Beijing: Own worst enemy sometimes

The sound and fury from Beijing over the Nobel Prize committee awarding Liu XiaoBo the Peace Prize showed what to government in China really thinks.

Oddly enough, the problem Beijing is facing with the Nobel award is of their own doing.

Ying Chan at the China Media Project in Hong Kong has an excellent piece on the issue: How hardliners made Liu Xiaobo a Nobel front-runner.

Beijing leaders have blamed blame Liu’s winning the Nobel Prize on so-called hostile anti-China forces overseas. But the uncomfortable truth is that the Chinese government itself was the most formidable nominee for Liu.

On Christmas Day last year, a Beijing court sentenced Liu Xiaobo to 11 years in prison, turning the dissident into a martyr for the cause of human rights — and an instant favorite for the Nobel.

And now, their actions have made them soul mates with some pretty bad company.

Let’s look at what has happened.

Once Liu was awarded the Peace Prize, Beijing pulled out all the stops in denouncing the action.

  1. First, China denounces the action as an interference in its internal affairs. (A standard line used by all dictatorships.)
  2. Then, it makes sure Liu’s entire family and close circle of friends are either arrested or placed under house arrest.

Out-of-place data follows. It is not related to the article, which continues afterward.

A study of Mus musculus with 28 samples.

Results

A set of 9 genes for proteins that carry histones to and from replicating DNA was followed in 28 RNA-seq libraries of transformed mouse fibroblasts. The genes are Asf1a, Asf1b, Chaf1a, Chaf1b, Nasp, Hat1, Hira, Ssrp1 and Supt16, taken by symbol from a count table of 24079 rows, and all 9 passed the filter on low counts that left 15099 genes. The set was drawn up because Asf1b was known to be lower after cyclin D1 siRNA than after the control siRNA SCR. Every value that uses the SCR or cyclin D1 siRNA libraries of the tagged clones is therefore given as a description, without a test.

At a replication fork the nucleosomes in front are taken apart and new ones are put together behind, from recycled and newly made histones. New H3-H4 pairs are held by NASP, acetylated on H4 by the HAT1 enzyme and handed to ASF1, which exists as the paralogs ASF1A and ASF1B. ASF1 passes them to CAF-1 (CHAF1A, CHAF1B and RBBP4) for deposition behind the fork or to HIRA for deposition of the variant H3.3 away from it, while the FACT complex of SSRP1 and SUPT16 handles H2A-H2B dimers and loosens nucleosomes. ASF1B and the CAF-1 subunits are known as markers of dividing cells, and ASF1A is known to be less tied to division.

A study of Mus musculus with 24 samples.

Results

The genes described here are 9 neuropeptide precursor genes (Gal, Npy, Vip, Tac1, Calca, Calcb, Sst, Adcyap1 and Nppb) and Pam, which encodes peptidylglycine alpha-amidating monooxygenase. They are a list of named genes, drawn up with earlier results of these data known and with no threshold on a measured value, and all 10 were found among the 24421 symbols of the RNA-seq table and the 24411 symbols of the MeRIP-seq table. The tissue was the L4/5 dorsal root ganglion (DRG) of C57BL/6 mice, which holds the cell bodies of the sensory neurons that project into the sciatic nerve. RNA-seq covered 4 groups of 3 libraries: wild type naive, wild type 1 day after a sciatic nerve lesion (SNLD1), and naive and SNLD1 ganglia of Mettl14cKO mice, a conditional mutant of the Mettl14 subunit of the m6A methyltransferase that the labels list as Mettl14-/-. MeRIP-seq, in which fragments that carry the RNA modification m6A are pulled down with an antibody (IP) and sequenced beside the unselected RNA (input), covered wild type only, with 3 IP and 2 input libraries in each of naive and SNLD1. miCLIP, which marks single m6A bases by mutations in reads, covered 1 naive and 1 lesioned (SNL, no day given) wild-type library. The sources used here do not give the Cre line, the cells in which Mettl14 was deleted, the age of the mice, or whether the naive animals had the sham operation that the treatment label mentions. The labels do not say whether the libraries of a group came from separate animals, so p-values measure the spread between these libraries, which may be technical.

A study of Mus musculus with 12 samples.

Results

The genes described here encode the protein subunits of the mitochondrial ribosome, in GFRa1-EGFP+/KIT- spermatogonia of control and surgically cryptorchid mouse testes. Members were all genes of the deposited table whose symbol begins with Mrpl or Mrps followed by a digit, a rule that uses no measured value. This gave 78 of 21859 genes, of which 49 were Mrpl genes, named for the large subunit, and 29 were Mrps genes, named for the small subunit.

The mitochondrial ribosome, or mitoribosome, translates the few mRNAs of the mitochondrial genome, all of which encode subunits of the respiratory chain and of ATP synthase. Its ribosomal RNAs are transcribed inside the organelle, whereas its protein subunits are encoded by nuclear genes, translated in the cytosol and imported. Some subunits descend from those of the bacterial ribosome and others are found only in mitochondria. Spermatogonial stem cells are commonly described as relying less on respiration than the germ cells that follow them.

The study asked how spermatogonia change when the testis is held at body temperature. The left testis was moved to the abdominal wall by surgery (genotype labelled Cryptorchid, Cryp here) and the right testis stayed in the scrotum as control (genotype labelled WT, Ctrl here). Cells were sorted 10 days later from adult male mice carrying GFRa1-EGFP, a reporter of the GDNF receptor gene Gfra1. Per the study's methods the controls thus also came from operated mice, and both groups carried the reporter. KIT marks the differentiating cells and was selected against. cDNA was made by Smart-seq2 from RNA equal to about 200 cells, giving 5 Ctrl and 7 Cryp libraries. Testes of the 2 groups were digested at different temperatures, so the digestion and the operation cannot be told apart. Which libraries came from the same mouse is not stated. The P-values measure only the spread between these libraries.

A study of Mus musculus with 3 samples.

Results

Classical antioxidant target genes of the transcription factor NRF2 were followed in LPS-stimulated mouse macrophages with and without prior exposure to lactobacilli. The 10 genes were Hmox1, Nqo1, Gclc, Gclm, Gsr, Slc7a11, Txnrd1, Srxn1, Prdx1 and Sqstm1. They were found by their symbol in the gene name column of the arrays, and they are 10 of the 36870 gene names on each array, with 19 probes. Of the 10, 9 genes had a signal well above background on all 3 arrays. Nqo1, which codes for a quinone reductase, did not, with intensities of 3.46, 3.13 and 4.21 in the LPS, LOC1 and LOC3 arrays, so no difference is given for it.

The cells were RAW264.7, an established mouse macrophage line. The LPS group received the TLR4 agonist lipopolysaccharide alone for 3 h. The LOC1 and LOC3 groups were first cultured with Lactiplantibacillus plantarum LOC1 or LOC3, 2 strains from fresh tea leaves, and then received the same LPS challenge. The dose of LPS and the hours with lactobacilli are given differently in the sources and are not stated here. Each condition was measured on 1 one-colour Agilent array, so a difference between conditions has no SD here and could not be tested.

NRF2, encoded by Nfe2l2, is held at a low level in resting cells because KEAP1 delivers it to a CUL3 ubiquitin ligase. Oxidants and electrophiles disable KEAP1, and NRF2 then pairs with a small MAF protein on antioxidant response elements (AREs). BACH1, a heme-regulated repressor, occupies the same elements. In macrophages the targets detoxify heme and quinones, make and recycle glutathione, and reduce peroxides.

3. At the same time, it starts canceling meetings and negotiations with Norway. (Home of the Nobel Committee.)
  4. It also sends hostile diplomatic notes to all embassies in Oslo, warning them not to attend Nobel committee events or else they will face the wrath of Beijing.
  5. And finally, they made it clear there would be serious repercussions if the award ceremony goes ahead.

And now, it looks as if the ceremony will not happen because, according to Nobel Committee rules, either the recipient or a family member has to accept the award. With Liu still in jail and all his relatives under house arrest, there is no one to accept the award.

And by the way, AP is reporting that a handful of governments have said they would not be attending the ceremony, if it happens. Among the announced “absentees” is Russia. (But Moscow says it has nothing to do with Chinese pressure.)

Granted, in the past Beijing never really minded being lumped in with anti-freedom of expression and anti-democratic regimes such as Sudan, Cuba, Venezuela and Iran. They just let the complaints roll off their backs like so much sauce on a Peking Duck.

But their recent hissy fit equated China  with two other governments who did all they could to prevent dissidents from receiving the Peace Price: The Soviet Union and Nazi Germany.

The AP did a great story a couple of days ago that got picked up around the world. (China’s Nobel fury unmatched since Soviet days)

China’s clampdown on Liu’s relatives means the Nobel medal and diploma likely won’t be handed out for the first time since 1936, when Adolf Hitler prevented German pacifist Carl von Ossietzky from accepting the prize.

Now that is some company worth keeping.

And — I love to keep bringing this up — just a week before the award was made, Premier Wen Jibao told CNN that China needed more freedom of expression if it was to develop further.

And I’ll be damned if I can remember the Mandarin phrase for “We didn’t really think anyone would take us at our word.”